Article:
Arsenal Cider Press

Arsenal Cider House. You wouldn’t know it was there unless you knew to look for it. That’s because Pittsburgh’s favorite purveyor of alcoholic apple juice is located on the main floor of the house owned by its founders, Bill and Michelle Larkin.

“The tasting room used to be our living room, dining room, kitchen, and game room until the cider took over,” says co-owner Michelle Larkin. “We make everything down in the basement, which is about the size of the two rooms that you taste in.”

Bill started brewing cider as hobby, but turned his interest into a profession once he saw how many people wanted to buy his product. After spending a year bringing the house up to code, obtaining a Limited Winery License, and getting the approval of their neighbors, Bill and Michelle opened Arsenal Cider in June of 2010.

For the past five years, Arsenal has served alcoholic cider and mead, a honey wine, that they make from a variety of ingredients, many of them locally sourced. Their staples take on the names of military terms or locals who fought in the Civil War, an homage to the historic (and now inactive) Civil War arsenal located across the street.

Archibald’s Ado, for instance, is named for Archibald Hamilton Rowand Jr., the son of a bookbinder from what is now the North Side and a Union spy, while Fighting Elleck is named after Alexander Hays, a Union Army general who was killed in the Battle of the Wilderness and buried in Allegheny Cemetery.

The cider—which Arsenal dispenses in cups or growlers called “Daily Rations”— presents a lighter, sweeter alternative to beer or cocktails, though it’s no less alcoholic: most varieties come in at around a formidable 8 percent alcohol by volume. Because it’s naturally gluten-free, it also makes a great drink for those with Celiac disease or gluten intolerances.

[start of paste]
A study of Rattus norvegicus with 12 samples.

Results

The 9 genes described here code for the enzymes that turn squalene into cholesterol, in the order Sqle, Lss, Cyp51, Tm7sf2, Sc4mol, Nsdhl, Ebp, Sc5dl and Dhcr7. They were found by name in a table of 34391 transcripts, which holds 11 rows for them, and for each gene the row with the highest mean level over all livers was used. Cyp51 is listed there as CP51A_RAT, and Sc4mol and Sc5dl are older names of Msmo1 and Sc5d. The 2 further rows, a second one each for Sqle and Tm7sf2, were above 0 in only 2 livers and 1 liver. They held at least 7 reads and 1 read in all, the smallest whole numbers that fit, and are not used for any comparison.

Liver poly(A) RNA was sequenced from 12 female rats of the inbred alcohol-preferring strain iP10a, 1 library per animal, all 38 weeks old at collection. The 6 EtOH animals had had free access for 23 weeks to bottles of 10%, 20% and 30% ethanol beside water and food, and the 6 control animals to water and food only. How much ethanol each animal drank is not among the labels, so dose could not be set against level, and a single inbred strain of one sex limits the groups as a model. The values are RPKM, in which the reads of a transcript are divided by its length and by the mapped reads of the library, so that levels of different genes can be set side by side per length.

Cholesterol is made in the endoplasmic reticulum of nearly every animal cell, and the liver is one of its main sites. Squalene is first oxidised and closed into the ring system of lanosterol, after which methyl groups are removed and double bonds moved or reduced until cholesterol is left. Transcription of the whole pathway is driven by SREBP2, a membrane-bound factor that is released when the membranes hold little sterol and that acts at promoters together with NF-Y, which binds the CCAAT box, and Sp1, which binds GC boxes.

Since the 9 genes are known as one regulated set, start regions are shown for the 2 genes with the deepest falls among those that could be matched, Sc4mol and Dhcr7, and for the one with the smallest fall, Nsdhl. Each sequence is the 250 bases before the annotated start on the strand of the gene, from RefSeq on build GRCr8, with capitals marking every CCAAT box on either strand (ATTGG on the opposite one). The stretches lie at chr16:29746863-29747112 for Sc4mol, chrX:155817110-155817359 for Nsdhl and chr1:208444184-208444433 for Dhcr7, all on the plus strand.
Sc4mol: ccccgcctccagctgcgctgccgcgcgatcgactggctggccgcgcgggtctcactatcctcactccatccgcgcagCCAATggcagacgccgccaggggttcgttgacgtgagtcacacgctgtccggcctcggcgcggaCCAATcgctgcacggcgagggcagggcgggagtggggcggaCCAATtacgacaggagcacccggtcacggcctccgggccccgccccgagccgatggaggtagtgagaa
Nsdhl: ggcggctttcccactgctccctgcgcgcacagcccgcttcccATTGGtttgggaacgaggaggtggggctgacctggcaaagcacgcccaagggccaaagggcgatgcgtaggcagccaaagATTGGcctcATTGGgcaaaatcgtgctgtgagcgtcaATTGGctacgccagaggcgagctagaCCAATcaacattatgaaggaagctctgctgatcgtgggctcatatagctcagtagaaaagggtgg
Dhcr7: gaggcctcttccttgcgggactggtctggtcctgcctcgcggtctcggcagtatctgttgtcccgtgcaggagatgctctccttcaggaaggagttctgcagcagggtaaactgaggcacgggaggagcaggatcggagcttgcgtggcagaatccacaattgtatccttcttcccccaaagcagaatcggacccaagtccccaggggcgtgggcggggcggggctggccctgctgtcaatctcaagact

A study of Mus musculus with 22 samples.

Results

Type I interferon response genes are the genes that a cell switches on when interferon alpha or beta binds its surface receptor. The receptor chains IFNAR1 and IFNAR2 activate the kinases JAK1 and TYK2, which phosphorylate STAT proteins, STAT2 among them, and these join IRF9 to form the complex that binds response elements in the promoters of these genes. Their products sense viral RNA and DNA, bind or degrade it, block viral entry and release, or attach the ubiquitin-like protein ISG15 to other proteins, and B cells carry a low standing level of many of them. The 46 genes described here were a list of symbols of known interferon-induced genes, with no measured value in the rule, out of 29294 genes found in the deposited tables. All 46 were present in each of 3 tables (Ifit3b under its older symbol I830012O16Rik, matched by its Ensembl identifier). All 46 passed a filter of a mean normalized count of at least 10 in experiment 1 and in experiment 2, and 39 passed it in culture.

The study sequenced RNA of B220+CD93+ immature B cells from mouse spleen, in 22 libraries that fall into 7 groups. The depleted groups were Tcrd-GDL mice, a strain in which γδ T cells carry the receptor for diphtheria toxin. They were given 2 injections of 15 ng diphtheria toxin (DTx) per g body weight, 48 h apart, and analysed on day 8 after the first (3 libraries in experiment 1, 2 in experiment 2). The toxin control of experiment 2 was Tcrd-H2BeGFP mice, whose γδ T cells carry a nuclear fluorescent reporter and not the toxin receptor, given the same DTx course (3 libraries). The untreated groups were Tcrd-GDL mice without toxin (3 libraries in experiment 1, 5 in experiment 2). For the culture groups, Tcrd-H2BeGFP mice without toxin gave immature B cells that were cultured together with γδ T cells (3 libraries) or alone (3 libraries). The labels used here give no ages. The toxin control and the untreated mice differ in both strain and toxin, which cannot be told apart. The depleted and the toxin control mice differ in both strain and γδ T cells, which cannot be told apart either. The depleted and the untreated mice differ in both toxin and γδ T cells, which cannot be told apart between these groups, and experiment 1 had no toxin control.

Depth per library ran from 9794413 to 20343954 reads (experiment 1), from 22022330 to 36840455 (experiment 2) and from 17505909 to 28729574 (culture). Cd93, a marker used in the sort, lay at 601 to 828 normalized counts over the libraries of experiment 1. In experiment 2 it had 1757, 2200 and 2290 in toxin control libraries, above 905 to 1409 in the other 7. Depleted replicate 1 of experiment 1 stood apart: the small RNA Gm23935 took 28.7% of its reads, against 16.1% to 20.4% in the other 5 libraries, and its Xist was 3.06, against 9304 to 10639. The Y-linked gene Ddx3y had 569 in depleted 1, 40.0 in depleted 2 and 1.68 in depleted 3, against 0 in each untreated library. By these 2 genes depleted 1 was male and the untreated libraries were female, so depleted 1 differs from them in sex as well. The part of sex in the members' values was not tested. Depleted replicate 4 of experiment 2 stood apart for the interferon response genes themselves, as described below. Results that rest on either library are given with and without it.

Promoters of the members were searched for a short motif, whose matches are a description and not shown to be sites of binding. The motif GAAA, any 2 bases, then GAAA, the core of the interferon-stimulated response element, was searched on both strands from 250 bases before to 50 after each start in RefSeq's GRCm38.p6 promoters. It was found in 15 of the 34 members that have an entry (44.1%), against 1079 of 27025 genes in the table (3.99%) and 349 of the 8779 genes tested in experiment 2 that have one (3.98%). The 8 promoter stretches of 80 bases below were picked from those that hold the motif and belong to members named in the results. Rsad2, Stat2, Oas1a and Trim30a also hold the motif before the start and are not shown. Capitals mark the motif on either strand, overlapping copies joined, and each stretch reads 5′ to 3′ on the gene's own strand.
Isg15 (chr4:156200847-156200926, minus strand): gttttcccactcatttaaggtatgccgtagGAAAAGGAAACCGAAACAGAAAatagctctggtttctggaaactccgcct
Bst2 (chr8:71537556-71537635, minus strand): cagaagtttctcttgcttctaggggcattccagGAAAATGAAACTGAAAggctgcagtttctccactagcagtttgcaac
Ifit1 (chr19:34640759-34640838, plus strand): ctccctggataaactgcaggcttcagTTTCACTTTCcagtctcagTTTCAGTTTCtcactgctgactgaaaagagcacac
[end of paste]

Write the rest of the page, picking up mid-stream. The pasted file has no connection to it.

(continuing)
In fact, Bill even makes a special “hopped” cider for those unable to consume gluten, to give them the taste of hops. In the past, their India Pale Cider—a play on the India Pale Ale beer style—has used Citra and Hollartau hops, though Bill is currently working on a new version.

This summer, when Arsenal celebrated their five-year anniversary, they announced a partnership with Soergel Orchards in Wexford that put a second location right on the orchard property. Thanks to the cooperation of their neighbors, they also opened a cider garden in their backyard. Additionally, Bill and Michelle purchased a building out in Penn Hills to use as a production facility for both of their locations.

Arsenal is open Wednesday and Thursday from 4:00 to 8:00, on Friday from 4:00 to 9:00, on Saturday from 12:00 to 9:00, and on Sunday from 12:00 to 4:00. In the near future, they plan to release Ramrod, a rhubarb cider named for the metal rod that Civil War soldiers used to stuff gunpowder into their guns, and an orange blossom mead.

About Kenny Gould (10 Articles)
Kenny Gould is a Pittsburgh-based journalist who writes for magazines like Time Out New York, Thrillist, Paleo, Table, and Craft Pittsburgh, among others. In his free time, he teaches yoga, brews beer, and runs Spiderhead Press. Follow him on Twitter and Instagram at @thekennygould or on his website at kennygould.com.